Forging the Nation - Federation: the First 20 years
Will Dyson 1880 - 1938
Will Dyson was born near Ballarat in 1880. He studied at George Coates' studio in 1896, and by 1902 he was a regular contributor to the Melbourne Bulletin.
Although Dyson's drawings and articles were frequently published it was inevitable that he, like many of his contemporaries, felt the attraction of a broader cultural arena in which to develop his skills. He arrived in London in 1909 where he worked with the Daily Herald and the New Age, achieving a highly successful career with his cartoons.
Dyson's nationalistic feelings concerning Australia's involvement in the war led him to apply to cross to France to record the activities of the Australian soldiers. Eventually permission was granted. His intention was to volunteer his services " to interpret in a series of drawings, for national preservation, the sentiments and special Australian characteristics of our army".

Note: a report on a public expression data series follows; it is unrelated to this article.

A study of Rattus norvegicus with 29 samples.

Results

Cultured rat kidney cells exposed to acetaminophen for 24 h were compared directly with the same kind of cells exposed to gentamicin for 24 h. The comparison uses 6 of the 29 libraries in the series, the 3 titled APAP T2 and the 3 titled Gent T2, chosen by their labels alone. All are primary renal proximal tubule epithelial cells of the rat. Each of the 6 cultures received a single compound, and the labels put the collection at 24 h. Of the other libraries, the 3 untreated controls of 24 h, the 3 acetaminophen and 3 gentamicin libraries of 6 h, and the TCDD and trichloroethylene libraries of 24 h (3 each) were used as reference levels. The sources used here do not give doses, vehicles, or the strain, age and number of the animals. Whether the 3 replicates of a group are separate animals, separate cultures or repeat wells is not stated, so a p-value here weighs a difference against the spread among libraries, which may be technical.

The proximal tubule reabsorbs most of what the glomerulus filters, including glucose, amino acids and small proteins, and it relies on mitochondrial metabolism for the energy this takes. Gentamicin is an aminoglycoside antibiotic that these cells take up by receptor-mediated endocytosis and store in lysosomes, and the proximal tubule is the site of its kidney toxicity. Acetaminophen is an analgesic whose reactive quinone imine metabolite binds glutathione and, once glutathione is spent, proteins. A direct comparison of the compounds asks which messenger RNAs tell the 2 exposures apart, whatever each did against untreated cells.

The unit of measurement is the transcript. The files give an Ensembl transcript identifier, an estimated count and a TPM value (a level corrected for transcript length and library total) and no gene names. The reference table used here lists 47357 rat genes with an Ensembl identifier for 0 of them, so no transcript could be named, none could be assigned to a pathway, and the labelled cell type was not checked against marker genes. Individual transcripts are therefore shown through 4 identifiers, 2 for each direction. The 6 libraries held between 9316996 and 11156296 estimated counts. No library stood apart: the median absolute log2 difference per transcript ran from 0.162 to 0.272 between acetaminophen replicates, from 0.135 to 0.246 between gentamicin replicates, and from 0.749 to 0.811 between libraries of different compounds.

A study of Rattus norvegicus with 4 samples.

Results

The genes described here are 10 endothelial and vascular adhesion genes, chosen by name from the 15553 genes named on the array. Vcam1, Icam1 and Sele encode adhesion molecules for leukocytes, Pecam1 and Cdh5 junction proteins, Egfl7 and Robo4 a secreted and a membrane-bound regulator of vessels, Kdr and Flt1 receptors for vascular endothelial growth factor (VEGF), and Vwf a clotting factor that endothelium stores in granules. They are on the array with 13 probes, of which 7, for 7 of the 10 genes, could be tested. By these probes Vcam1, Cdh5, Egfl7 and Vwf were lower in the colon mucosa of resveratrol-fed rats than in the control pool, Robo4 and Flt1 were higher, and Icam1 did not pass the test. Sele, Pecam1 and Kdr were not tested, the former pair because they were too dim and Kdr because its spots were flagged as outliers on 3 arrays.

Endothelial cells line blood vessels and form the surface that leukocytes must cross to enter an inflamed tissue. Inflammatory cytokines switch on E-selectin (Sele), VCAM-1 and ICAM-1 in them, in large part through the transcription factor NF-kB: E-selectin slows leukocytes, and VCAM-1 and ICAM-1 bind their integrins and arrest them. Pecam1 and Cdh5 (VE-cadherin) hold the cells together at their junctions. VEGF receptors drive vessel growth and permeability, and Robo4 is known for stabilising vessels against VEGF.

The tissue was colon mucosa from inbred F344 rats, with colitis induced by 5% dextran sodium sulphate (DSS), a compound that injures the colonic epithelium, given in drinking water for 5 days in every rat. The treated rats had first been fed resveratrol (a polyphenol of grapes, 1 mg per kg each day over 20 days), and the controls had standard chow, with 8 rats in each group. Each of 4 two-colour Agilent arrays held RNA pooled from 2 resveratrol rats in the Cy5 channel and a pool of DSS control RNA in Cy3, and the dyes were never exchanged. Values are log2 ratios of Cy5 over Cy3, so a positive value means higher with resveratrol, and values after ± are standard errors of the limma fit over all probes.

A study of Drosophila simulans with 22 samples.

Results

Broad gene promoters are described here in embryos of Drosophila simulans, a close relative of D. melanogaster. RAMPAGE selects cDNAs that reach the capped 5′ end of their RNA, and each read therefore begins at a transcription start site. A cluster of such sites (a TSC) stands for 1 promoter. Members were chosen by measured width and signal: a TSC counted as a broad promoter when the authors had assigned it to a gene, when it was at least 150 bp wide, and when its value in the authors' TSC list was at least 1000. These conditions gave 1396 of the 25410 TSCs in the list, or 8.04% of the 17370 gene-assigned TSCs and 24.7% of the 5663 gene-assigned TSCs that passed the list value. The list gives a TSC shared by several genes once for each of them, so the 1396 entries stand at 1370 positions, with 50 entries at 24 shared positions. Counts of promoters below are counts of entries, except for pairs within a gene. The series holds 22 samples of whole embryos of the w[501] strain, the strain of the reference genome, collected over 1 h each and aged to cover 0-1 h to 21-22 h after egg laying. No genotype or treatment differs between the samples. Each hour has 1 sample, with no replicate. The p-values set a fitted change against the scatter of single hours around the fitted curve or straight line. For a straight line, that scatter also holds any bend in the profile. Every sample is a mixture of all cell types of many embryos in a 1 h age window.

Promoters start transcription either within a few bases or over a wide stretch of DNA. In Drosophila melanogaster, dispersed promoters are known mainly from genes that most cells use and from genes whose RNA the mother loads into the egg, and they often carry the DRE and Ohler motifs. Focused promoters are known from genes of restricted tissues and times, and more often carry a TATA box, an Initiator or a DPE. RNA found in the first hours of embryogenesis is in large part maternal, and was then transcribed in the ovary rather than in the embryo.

Dyson arrived in France in December 1916. He remained there unpaid for six months until approval was granted for appointing official artists. Dyson was deeply moved by the actions of his countrymen and by the time of his official appointment, he had produced many drawings expressing the men's experiences at the front and in the camps. He portrayed the soldiers and villagers with great empathy, depicting their despair and exhaustion and the Australian sardonic humour. Dyson's initiative played a significant role in the formation of the Australian Official War Artists program.